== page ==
Dr. Jaipreet Virdi

is an award-winning historian whose research focuses on the ways medicine and technology impact the lived experiences of disabled people. Her first book, Hearing Happiness: Deafness Cures in History (University of Chicago Press, 2020) raises pivotal questions about deafness in American society and the endless quest for a cure. She has published articles on diagnostic technologies, audiometry, hearing aids, and the medicalization of deafness and has published essays in The Atlantic, Slate/Future Tense, Aeon+Psyche, and the New Internationalist.

As an educator, Virdi has taught at Ryerson University, the University of Toronto, and Brock University. She is currently an Assistant Professor at the Department of History at the University of Delaware where she teaches courses on disability histories, the history of medicine, and health activism. She also serves as Co-Director of the Hagley Program in the History of Capitalism, Technology, and Culture.

Born in Kuwait to Sikh parents, Virdi lost her hearing at age four to bacterial meningitis. By age six, her working-class family immigrated to Toronto, Ontario where she would later attend a school for deaf and hard-of-hearing children. A product of “mainstreamed” education, Virdi learned to lip-read and rely on her hearing aids. She attended public high schools, then received her Bachelors’ degree in the philosophy of science from York University. After graduation, she she worked in marketing and fashion merchandising before deciding to return to school. She received first her masters, then her doctorate, from the Institute for the History and Philosophy of Science and Technology at the University of Toronto, focusing on the history of medicine and technology. Her PhD dissertation is titled “From the Hands of Quacks:” Aural Surgery, Deafness, and the Making of a Specialty in Nineteenth-Century London.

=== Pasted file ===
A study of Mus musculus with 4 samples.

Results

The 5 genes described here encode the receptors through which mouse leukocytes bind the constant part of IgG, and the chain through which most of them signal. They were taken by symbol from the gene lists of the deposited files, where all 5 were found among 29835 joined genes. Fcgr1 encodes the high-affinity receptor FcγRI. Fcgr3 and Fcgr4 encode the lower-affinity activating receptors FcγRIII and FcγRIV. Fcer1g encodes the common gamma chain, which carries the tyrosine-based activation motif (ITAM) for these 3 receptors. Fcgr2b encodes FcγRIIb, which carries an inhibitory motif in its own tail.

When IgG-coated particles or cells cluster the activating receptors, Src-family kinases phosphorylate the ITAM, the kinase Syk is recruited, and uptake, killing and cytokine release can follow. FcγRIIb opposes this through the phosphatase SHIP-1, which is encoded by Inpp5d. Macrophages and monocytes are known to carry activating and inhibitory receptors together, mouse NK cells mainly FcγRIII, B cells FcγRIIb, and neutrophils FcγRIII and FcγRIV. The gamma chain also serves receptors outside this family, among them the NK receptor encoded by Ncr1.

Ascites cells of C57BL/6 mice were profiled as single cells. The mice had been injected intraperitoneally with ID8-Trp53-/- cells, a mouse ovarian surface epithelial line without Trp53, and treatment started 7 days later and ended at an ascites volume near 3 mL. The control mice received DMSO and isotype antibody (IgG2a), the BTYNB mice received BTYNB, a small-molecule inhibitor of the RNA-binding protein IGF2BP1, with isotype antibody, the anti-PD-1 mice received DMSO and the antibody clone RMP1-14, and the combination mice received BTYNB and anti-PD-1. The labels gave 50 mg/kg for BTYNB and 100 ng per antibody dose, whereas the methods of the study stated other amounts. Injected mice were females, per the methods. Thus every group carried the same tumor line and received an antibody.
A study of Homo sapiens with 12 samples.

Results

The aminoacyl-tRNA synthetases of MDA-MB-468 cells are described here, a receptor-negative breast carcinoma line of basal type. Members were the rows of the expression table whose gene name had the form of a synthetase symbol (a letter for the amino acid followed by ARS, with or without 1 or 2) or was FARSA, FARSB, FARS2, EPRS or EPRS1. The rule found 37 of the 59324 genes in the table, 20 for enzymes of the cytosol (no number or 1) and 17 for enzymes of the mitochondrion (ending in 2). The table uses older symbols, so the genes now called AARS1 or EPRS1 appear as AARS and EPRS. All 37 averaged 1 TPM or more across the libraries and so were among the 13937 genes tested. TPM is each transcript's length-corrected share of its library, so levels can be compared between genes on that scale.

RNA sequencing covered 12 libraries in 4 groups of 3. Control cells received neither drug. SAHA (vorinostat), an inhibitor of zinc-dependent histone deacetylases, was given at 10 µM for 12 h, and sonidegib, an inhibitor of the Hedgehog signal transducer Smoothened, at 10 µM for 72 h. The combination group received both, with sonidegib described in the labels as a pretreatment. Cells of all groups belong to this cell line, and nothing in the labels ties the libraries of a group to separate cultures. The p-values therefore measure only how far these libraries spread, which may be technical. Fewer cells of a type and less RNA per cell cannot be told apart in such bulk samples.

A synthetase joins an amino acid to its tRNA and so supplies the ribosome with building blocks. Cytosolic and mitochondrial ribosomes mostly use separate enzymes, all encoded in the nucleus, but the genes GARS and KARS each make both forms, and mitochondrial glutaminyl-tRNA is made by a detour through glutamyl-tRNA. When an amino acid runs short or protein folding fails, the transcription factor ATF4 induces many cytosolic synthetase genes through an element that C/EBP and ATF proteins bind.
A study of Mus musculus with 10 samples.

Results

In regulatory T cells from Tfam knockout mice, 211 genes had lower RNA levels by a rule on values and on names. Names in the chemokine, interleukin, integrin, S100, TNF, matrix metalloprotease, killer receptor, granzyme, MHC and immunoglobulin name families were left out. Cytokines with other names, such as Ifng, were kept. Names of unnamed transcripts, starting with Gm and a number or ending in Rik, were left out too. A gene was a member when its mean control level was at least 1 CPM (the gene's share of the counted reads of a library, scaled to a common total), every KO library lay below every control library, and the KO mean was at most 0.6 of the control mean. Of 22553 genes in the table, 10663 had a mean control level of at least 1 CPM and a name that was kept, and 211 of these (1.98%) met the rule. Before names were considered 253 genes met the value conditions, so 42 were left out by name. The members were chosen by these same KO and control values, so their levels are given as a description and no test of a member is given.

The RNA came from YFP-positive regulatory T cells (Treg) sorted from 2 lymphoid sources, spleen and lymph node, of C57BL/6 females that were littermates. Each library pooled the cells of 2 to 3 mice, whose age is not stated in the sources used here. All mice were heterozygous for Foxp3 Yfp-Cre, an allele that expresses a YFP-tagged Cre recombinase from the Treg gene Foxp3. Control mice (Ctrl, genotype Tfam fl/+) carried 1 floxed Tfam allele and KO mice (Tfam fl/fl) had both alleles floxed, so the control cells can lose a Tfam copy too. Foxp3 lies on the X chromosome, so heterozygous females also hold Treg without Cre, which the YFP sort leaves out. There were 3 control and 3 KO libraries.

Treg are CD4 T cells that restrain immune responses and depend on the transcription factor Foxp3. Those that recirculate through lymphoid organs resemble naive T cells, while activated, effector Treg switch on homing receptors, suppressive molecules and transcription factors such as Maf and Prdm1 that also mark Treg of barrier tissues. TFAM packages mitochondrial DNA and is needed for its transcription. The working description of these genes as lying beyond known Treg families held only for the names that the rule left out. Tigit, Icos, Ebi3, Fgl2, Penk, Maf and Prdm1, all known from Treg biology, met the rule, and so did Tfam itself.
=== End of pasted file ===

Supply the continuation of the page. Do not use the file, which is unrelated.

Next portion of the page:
Virdi is currently working on two books. Her second book, Medicalizing Deafness: Aural Surgery in Nineteenth Century Britain (McGill-Queen’s University Press, under contract) traces the efforts of British aurists (ear specialists), examining how their attempts to define a professional identity depended on dismantling cultural perceptions about the incurability of deafness. She is co-writing Setting Standards: Phyllis M. Tookey Kerridge and the Science of Disability in Interwar Britain (Johns Hopkins University Press, under contract) with Dr. Coreen McGuire on a study of the historical roots of scientific research on disabilities–such as deafness and breathlessness–and the role of women scientists. Focusing on Phyllis Kerridge’s work, this book examines how scientific instruments were used by women to demonstrate the value of their research against criticism and to assert control over disabled subjects.

In addition, Virdi is working on a new research project historicizing how disabled people tinkered with their prostheses and perceived their devices to be prosthetic extensions of themselves that were crucial for their self-crafting of normalcy. Through case studies of users adopting what Virdi refers to as “the disabled gaze,” this project forces us to confront how disabled people challenged medicalized assumptions about their bodies, and claimed their own spaces to craft their identity.

Prolific on Twitter, Virdi uses her platform to raise awareness of medical inequities, social injustice, and disability rights. Occasionally she also shares unique images and stories in the history of medicine, expanding her teaching to a more public and accessible area. She lives in Newark, Delaware with her spouse Geoff Bil, a historian of science, her hearing service dog Lizzie, and her one-eyed, deaf rescue dog Benny.